Minus Strasburg, Nats top Yanks 9-2 on Robles' 3 hits, 4 RBI


WASHINGTON – Wearing a red muscle shirt with a drawing of a gold trumpet — this year’s answer to the “Baby Shark” phenomenon of 2019 — Washington Nationals center fielder Victor Robles sat down for his postgame video conference and announced, “Hi, guys!”

Filled with energy on and off a baseball field, Robles did his part Saturday night to help fill in for missing teammate and friend Juan Soto, who began the season on the COVID-19 injured list.

Robles jump-started Washington’s dormant offense by delivering three hits and four RBIs, including a homer off the foul pole that he celebrated by pantomiming pandemic-appropriate “air high-fives” with teammates, helping the Nationals beat the New York Yankees 9-2 without scratched starter Stephen Strasburg and despite five errors.

“He uplifted us,” Washington manager Dave Martinez said about Robles.

Robles credited utility player Emilio Bonifácio with coming up with the trumpet theme — players motioned with their fingers as if playing a horn after hits — and making shirts with the instrument. Robles likened it to the whole “Baby Shark” vibe last year along the way to a championship when since-departed outfielder Gerardo Parra's child tune became a walk-up song and then an anthem of sorts for the Nationals.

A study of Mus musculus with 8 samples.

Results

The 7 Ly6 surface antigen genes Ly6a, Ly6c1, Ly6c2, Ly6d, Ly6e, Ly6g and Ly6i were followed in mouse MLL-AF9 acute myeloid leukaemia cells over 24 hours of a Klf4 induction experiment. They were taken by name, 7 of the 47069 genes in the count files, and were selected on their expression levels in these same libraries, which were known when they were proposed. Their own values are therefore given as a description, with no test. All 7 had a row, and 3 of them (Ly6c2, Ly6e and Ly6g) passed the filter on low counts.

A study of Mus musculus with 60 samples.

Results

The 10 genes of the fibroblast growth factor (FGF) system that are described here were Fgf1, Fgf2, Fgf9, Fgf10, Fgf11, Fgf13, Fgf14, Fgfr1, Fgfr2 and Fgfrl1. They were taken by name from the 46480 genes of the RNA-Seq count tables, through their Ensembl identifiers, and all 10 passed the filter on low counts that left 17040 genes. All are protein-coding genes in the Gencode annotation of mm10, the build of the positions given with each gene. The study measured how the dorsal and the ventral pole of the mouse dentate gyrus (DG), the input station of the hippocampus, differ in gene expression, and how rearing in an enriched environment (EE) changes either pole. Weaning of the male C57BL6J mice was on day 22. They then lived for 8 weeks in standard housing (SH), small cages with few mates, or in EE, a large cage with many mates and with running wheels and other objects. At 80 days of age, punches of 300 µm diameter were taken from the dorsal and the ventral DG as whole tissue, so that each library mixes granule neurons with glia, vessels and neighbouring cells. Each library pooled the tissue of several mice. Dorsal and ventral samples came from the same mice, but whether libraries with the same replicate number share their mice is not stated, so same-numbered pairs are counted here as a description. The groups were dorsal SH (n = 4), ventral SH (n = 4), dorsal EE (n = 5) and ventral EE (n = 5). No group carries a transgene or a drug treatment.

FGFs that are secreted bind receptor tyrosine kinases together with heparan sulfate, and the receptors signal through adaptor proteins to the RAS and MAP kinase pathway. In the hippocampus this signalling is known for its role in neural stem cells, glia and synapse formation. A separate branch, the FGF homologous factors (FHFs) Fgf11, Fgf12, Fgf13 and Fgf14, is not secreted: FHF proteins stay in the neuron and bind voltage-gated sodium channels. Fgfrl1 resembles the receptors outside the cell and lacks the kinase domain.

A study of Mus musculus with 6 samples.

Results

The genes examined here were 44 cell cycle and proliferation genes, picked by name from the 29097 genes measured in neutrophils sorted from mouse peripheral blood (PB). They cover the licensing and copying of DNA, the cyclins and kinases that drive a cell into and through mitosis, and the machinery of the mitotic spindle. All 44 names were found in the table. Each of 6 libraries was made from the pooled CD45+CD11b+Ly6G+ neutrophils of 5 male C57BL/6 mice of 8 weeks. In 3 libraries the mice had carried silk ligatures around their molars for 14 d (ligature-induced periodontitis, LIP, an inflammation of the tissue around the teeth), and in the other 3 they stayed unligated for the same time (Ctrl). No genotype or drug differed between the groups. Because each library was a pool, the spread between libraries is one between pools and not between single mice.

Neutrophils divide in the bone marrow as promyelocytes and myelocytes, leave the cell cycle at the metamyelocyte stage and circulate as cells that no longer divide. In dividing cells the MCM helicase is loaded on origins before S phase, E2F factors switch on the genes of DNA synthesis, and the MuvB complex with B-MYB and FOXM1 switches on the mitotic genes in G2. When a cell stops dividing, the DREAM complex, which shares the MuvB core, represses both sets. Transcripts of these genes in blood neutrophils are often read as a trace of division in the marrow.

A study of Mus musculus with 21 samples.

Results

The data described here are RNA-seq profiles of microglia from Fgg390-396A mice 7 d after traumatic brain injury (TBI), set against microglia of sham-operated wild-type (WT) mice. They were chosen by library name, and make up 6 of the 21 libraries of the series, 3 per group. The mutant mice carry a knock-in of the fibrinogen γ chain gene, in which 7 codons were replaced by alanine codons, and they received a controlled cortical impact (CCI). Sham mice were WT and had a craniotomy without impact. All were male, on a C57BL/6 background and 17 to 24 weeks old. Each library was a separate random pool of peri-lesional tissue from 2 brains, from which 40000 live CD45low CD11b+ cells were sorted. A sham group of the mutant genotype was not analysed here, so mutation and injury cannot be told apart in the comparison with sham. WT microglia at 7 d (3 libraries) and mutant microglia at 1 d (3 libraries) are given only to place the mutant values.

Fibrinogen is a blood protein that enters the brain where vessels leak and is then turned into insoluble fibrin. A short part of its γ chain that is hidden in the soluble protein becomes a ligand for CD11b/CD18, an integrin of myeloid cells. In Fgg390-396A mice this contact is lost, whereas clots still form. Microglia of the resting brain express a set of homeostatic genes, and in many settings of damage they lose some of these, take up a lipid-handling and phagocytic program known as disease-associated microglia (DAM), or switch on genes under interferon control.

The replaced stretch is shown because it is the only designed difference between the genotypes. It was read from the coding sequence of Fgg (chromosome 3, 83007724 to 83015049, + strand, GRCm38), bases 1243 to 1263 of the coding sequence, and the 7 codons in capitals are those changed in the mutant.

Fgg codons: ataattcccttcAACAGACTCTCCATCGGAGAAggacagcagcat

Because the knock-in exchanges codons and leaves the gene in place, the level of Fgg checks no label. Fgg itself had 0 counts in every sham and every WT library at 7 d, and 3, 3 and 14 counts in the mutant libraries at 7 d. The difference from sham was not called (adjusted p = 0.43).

Asdrúbal Cabrera and Michael A. Taylor also homered for Washington, which lost 2019 World Series MVP Strasburg to a nerve issue in his pitching hand two days after Soto tested positive for the illness caused by the coronavirus.

Filling in for Strasburg, Erick Fedde allowed a pair of runs in four innings, including Giancarlo Stanton’s second homer in two games. Fedde was told two days earlier to be prepared to start in case Strasburg couldn’t.

Stanton's drive was projected at 483 feet with an exit velocity of 121.3 mph, and when Fedde was asked about that 3-0 pitch, he chuckled and replied: "He definitely crushed it."